When Myron Levine decided to donate a chess table to the Sag Harbor community in honor of his son, Josh, who died tragically last year in an accident at Quail Hill Farm, it seemed to many to be a no-brainer.
The chess table would permanently reside at the location of the summer Farmers’ Market, where Josh had spent much of his time; it would be manufactured by a company Josh co-founded with his brother, Noah; and it would give Sag Harbor residents and visitors a new reason to venture into the village and enjoy the outdoors.
But last March the village voted against the proposed plan, suggesting that the area close to the Breakwater Yacht Club was not only remote, but the ground would be dug up by Exxon Mobile later in the year (a project that’s currently underway), which would make any permanent addition impossible to maintain.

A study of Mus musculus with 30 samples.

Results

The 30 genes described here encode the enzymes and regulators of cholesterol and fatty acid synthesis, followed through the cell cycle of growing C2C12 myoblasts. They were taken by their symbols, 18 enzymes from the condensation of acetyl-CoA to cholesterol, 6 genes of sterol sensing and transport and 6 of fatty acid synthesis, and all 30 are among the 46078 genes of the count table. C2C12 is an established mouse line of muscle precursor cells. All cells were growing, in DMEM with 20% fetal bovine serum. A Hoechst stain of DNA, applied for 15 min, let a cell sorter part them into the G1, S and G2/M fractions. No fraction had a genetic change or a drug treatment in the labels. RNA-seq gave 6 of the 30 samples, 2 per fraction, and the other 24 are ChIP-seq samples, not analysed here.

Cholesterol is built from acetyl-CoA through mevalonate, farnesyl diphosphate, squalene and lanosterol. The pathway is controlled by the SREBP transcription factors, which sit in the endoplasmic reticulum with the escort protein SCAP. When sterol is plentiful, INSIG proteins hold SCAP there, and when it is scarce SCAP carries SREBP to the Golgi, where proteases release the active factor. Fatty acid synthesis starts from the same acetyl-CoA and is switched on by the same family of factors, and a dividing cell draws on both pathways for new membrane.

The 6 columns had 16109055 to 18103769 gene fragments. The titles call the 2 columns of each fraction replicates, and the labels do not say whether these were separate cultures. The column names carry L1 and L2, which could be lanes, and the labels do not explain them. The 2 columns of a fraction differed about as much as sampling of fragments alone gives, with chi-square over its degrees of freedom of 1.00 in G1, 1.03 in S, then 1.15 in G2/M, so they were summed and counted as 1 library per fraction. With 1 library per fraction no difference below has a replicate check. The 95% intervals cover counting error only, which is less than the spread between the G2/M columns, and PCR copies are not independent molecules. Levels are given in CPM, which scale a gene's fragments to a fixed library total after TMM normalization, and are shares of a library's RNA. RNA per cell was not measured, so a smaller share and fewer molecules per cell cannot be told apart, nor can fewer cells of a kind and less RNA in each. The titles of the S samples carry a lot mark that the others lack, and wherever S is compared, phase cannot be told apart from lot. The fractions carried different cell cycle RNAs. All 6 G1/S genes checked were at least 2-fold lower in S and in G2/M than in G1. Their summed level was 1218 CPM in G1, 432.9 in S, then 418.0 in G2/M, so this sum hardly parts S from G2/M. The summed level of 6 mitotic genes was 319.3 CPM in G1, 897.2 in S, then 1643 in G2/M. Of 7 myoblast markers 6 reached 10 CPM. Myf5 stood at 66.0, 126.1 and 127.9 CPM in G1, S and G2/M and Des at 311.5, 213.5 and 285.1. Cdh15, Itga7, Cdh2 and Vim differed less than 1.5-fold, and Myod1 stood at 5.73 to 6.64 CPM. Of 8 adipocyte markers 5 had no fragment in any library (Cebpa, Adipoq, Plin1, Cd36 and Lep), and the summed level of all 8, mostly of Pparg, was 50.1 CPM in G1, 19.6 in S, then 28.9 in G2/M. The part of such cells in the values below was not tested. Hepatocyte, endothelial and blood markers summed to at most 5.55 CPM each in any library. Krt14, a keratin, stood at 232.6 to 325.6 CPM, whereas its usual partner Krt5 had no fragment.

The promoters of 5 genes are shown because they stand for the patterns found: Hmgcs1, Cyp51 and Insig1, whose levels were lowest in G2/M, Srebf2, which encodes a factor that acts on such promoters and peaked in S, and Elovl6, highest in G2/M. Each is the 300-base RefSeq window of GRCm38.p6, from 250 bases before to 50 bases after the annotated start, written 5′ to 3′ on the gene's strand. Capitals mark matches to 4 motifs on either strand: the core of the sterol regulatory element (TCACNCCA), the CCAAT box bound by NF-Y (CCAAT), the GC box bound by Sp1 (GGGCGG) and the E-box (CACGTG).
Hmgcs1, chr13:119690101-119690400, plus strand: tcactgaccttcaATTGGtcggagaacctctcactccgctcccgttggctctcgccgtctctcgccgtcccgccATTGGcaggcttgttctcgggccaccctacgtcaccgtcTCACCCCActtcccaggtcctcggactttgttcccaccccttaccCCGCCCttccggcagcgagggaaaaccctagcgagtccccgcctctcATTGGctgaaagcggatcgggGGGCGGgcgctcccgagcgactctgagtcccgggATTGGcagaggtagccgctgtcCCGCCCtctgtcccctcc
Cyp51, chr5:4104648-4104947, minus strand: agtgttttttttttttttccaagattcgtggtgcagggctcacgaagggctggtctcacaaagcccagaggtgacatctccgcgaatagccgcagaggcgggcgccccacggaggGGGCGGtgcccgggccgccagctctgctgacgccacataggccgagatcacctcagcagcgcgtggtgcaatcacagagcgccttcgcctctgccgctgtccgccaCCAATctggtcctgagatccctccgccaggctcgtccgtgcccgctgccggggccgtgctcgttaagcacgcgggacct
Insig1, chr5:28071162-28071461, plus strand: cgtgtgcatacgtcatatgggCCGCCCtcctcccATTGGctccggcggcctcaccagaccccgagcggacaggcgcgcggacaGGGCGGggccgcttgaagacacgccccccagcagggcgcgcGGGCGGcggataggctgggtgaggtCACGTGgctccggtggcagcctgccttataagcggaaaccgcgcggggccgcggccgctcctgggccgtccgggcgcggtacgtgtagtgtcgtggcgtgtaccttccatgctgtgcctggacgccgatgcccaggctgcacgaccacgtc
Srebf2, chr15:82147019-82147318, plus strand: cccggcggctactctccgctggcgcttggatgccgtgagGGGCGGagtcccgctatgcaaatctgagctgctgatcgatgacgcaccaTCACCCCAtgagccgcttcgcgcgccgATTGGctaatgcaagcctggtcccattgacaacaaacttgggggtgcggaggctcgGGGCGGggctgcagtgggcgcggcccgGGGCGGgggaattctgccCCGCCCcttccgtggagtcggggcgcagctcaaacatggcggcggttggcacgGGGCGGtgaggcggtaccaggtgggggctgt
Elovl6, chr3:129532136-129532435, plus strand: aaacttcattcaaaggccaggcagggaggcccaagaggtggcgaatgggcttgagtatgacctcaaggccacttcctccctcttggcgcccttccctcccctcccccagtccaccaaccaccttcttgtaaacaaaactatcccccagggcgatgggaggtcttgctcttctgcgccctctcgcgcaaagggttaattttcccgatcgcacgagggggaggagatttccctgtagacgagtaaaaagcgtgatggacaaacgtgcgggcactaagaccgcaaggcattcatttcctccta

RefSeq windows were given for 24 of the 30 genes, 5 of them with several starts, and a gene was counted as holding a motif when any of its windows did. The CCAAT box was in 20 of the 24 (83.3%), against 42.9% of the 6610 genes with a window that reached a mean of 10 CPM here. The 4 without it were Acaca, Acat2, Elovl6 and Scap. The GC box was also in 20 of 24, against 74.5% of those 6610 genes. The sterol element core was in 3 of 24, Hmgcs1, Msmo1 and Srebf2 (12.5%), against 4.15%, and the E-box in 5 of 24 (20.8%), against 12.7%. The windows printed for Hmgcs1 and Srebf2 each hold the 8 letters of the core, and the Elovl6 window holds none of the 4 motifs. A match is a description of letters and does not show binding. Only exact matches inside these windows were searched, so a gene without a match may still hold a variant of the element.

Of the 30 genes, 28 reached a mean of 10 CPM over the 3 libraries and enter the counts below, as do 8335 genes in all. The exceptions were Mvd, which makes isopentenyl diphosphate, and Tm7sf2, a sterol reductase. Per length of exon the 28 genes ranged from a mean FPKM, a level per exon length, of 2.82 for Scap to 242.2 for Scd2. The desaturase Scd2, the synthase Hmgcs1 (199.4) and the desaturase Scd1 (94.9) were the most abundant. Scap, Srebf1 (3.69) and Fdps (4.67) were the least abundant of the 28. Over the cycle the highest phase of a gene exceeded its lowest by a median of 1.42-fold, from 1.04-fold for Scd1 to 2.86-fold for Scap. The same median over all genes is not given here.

That’s when Levine shifted gears.
“I decided instead of [donating the chess table to the village], I would donate the chess table to the school,” Levine said. “And they approved.”
Just this week Levine successfully donated not one, but two chess tables to the Sag Harbor School District. One table is now sitting behind the Pierson building near the field and the second table has been placed near the newly finished Eco-Walk at Sag Harbor Elementary School.
Levine said both have been strategically placed in “quiet areas,” or those places where the concentration required of a primarily mental game like chess would not easily be interrupted by the noise typical of most elementary school playgrounds during recess time.
According to Elementary School Principal Matt Malone, several students have already taken advantage of the opportunity to sit down and play the quiet game.
Levine said he is happy to have been able to donate this gift in the name of his son, who he said loved to play chess. And he hopes the tables might inspire the school district to do more to foster an appreciation for the game for its current students.
“Now that the tables are there, [the school] would love to be able to have one of the teachers talk to the students about forming a chess club,” Levine added.
He said he’s already spoken to School District Superintendent Dr. Johnn Gratto about that possibility.
“That’s one of the plans that might come from this.”